The Home Of The Phillies became a new coronavirus testing site on Friday as the number of cases in Philadelphia continues to grow.
By Denise Clay
Usually, the groundskeepers at Citizens Bank Park in South Philadelphia would be getting the home of the Phillies ready for another season of Major League Baseball and all the pageantry connected to it.
But thanks to the coronavirus, Friday was Opening Day at the park for another group; medical professionals operating a drive-thru coronavirus testing site.
City Health Commissioner Thomas Farley announced the new testing site during his daily press briefing with reporters on the progress of the City’s coronavirus response. From 2p.m.- 6p.m. daily, the drive-thru site will be open to the public, but will actually only test people in the following categories, Farley said:
*Healthcare workers displaying symptoms of the virus, including hospitals and doctors office staff with direct patient contact;
*Nursing home staff who have direct contact with patients;
*Home healthcare aides who are directly in contact with patients; and
*People 50 and over who are displaying coronavirus symptoms including fever, shortness of breath,and a dry cough.
To get the test, you have to bring a driver’s license or some other form of identification and an insurance card, if you have it, Farley said. While the new site will be open to the public — like the 20 other sites doing testing around the city –there is a limited number of tests available, so the criteria for testing is going to be tightly followed, he said.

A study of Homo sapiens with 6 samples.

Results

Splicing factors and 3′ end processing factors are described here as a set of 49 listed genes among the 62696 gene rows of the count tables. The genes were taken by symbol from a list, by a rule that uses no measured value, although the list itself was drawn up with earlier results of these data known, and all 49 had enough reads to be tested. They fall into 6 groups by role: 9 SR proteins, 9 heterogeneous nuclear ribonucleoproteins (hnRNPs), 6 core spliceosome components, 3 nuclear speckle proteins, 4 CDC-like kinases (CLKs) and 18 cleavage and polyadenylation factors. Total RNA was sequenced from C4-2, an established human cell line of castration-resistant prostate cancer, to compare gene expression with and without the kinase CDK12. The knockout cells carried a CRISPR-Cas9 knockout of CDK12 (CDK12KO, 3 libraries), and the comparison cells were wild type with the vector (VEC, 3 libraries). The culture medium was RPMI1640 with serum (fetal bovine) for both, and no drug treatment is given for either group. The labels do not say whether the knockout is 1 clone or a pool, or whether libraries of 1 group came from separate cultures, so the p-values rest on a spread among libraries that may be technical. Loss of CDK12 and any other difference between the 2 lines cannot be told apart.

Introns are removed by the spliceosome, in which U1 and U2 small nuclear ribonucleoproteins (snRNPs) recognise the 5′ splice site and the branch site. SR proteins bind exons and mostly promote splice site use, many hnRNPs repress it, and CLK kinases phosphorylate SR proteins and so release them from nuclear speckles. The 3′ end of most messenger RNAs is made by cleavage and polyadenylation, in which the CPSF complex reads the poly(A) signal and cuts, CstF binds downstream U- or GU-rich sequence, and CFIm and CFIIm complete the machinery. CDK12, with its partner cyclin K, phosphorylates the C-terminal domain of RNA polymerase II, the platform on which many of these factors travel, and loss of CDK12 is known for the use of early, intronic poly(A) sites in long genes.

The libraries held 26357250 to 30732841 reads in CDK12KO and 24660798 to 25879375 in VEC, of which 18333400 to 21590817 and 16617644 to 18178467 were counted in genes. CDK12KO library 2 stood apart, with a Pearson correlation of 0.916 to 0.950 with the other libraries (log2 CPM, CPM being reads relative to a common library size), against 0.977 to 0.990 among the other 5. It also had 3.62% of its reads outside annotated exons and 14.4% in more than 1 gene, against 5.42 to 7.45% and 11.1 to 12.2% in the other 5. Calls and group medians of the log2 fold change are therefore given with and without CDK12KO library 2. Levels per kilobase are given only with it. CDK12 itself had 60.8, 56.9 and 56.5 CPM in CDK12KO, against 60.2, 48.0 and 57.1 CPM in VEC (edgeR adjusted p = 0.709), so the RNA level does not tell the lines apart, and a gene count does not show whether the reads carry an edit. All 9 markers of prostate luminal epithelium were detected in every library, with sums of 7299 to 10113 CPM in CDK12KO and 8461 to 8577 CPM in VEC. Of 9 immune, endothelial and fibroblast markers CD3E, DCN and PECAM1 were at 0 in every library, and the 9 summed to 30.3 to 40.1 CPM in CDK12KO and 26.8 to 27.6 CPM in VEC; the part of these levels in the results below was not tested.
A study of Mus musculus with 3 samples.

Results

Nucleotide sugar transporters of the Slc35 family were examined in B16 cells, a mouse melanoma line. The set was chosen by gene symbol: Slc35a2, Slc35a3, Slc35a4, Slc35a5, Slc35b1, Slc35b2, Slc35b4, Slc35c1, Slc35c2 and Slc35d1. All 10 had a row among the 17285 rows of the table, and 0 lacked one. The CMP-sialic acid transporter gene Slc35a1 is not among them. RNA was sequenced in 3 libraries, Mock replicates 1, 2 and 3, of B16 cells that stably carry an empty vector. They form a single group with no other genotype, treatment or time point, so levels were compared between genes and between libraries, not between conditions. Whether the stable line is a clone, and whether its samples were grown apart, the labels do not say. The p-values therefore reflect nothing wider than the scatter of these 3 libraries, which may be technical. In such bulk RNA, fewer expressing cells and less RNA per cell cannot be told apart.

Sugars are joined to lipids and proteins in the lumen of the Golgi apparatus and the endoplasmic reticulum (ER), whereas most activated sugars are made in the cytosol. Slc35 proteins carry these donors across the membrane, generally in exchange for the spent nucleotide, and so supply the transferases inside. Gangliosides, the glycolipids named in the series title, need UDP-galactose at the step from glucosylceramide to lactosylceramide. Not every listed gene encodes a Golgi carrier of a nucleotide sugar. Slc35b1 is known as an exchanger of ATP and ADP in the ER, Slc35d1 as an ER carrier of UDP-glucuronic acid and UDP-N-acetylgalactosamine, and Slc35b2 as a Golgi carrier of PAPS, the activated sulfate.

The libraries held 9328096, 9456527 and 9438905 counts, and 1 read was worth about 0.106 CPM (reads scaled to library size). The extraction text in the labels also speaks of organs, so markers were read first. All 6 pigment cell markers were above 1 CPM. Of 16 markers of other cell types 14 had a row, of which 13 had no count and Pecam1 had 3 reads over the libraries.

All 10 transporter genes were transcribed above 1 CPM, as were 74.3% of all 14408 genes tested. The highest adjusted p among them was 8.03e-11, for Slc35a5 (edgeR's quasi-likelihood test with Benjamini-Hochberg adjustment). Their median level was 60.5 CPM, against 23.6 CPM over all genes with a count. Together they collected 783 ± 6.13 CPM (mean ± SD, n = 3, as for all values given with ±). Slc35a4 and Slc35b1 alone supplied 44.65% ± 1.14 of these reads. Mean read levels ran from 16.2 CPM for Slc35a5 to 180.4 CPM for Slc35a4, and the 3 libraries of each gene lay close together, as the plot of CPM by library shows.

It’s also going to require some patience on your part.
“It’s kind of like a new restaurant opening up,” Farley said. “Service is going to be slow. Expect a wait.”
When the City approached him about creating the new site in his district, Councilmember Kenyatta Johnson thought it was a great idea, he said.
“We need to do everything possible to contain and eliminate this virus,” he said. “This is a site with access to I-95 and 76. So, it’s convenient.”
Currently, Philadelphia has 67 of Pennsylvania’s 268 cases of the coronavirus. Of those cases, 55% are among people aged 20 to 39. Ten of those who tested positive were healthcare workers, and another thousand people were tested on Thursday, Farley said.
Because the new site is going to be focused on healthcare providers who may have been exposed to the disease, the subject of personal protective equipment for those doing the testing, something that’s been in short supply nationwide, was broached. Farley said that the city is trying to work that out, and that there are quarantine protocols for those administering the tests.
In other news, due to the closing of the City’s Parks and Recreation Centers, the food distribution centers for School District of Philadelphia students will be moved out of those centers and into District schools, charter schools and Philadelphia Housing Authority sites.
About 80 new sites will be in place to make sure that children aged 18 and under have access to two meals a day, said Cynthia Figueroa, deputy nayor for the Office of Children and Families. The sites will be posted on www.phila.gov and no identification is required to pick up meals.
Gov. Tom Wolf also refined the order shutting down all non-life sustaining businesses in Pennsylvania. That list now includes construction of such things as hospitals, dry cleaning businesses that first responders might use for uniforms, and businesses like bicycle shops that essential personnel may need to repair their main form of transportation, something that the City had concerns about.
To stay informed on the coronavirus and Philadelphia’s response to it, go to: www.phila.gov/covid19 or call 800-722-7112.
Visit philasun.com/coronavirus for ongoing coverage.